Archive for May, 2017

Physician Shortage — no end in sight


The above chart is from data just released from the National Resident Matching Program.  This is about doctors who completed medical school and now according to their preferences are matched with training programs in various specialties.  This is for the first year of residency, but it should be noted physicians may branch out to other specialties later in training.  Internal medicine is a good example since those physicians branch out to later be general internists, hospitalists, cardiologists, pulmonologists, gastroenterologists, diabetologists, and nephrologists among others.

The point of this chart is to show how the shortfall in US physicians is being filled by foreign physicians.   The foreign physicians are good doctors, in fact, some of the best in the countries they come from.

The obvious question is WHAT IS WRONG WITH THE US PHYSICIAN TRAINING PROGRAM?  It obviously is not keeping up with demand.  Thousands of US students desperately want to go to medical school, but there is no place for them.  Certainly, cost is a definite issue — many who would like to go to medical school just can’t secure the funding or don’t want to go into debt for hundreds of thousands of dollars.  So, the inadequacy of US medical training is resolved from afar.

Other countries, like the UK, solve this problem by offering aspiring doctors the funds to go to medical school in exchange for becoming a specified type of doctor and practicing (for a number of years) in a specified location.  It seems to work.

Attracting good doctors from other parts of the world sounds attractive but it’s not so nice for those other countries losing the doctors.  The US has a significant physician shortage which is getting worse.  Since the US does not have a healthcare system it is not possible to respond to the shortage.  The free market system fills the lucrative specialties in the nice locations leaving the non-urban communities to go without or hopefully attract a foreign medical doctor.  In many rural communities there are no US trained physicians.

US healthcare quality is at the bottom of industrialized countries.   Access to healthcare declines in large part due to a shortage of providers.  Since there is no organized healthcare system no resolution is in sight.  It’s staggering to realize even Cuba has more doctors per capita than the US.  The discussion and legislation so hotly debated currently seems oblivious to the shortage of physicians for which insurance is no solution.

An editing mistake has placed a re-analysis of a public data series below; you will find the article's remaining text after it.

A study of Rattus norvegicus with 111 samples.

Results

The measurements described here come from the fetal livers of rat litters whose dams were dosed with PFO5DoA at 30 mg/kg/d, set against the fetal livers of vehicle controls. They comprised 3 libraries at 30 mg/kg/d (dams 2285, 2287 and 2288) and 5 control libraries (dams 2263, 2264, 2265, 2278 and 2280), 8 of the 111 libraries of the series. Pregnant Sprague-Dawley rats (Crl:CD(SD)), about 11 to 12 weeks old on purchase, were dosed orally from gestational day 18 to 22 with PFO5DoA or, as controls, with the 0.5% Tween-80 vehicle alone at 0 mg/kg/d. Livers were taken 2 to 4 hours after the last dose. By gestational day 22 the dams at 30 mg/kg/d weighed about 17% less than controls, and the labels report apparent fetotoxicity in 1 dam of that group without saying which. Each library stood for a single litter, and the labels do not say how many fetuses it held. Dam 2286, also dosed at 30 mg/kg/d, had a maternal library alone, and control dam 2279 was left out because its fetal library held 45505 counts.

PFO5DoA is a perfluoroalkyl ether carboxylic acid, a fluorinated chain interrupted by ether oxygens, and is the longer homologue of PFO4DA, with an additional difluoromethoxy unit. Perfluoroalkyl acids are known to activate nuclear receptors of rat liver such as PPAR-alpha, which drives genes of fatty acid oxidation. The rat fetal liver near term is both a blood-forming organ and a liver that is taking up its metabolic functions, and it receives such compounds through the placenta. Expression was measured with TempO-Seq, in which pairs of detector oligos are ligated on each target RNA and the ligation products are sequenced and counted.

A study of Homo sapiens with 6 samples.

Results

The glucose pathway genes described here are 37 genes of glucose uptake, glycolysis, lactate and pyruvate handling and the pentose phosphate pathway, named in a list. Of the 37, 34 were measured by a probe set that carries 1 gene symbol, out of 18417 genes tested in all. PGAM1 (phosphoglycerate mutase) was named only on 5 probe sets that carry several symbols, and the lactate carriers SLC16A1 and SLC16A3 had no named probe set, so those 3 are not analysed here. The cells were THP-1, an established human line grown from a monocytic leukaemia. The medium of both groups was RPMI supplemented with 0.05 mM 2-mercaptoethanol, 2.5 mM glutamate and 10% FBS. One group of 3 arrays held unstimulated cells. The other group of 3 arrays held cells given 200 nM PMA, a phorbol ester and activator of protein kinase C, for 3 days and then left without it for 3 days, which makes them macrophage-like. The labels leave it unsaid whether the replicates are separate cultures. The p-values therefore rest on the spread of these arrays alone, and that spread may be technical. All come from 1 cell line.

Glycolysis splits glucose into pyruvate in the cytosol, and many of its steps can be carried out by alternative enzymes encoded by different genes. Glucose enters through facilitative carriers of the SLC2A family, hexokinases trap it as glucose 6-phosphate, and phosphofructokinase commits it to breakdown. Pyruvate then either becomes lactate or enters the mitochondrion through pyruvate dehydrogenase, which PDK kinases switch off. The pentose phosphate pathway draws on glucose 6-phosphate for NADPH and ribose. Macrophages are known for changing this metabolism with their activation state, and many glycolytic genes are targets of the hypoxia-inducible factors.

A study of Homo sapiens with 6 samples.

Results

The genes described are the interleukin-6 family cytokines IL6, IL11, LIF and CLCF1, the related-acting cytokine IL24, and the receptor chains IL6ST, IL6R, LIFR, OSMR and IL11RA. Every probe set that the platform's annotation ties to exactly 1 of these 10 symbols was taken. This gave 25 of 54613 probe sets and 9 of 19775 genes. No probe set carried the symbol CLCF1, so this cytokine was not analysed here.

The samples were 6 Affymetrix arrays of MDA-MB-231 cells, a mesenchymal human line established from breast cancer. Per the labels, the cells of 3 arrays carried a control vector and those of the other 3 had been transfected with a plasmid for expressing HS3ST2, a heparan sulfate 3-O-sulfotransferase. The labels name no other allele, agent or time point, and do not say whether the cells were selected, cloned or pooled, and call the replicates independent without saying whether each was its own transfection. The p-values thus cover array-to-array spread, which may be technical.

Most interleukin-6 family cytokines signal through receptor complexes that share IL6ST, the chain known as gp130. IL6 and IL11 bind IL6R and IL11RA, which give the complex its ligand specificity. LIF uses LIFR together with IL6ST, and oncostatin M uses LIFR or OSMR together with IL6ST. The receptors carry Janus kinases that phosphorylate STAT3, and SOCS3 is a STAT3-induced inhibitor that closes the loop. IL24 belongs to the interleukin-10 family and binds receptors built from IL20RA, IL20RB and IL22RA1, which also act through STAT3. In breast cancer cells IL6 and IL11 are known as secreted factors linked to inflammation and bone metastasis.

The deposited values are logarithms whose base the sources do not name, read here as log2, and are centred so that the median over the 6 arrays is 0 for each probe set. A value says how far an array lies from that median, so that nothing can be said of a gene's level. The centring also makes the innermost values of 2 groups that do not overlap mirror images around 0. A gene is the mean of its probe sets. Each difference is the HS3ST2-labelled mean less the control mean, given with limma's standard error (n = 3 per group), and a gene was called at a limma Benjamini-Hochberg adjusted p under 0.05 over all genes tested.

So, what’s the problem with US healthcare?  What’s the fix?  What’s the medication for the ailing health system?

Start over.  Begin again.  Throw out the mess.

Usually, complicated problems are solved incrementally by finding each small problem and fixing each one until the huge problem is resolved.  This approach has failed healthcare in the United States.  The evidence is overwhelming.

  • rising cost
  • declining health
  • inability to train enough workers
  • high infant mortality
  • inability to control drug costs
  • focus on cost instead of health
  • fragmented improvement efforts

THE UNDERLYING PROBLEM IS THE US DOES NOT HAVE A HEALTHCARE SYSTEM:  NO SYSTEM TO CORRECT, NO SYSTEM TO MEASURE, NO GOALS TO MEET, NOBODY WHO IS ACCOUNTABLE.

The measure of a healthcare system is an average.  It’s not whether one guy is cured from leukemia but whether the average baby survives, the average citizen can get a doctor appointment, can purchase medications, and can have surgery if needed.

Sadly, if you are a legislator every problem looks like a financial problem — you can pay more or pay less.  You tried the first option so now you want to try the second option.

Supply and demand economics does work  But, it just has to be applied the correct way.  If the salary paid to a lawmaker is dependent on improving health in the country then the economic theory would work fine.  It does not work fine when complicated treatments are marketed to a population with low health literacy (and that includes the President and Congress past and present).

The reason Medicare-for-all seems so appealing is because it is a system.  Perhaps it’s not as good as the systems in other countries, but it’s the system we know.  It’s time to stop complaining about cost and complexity.  DO SOMETHING and KEEP IT SIMPLE.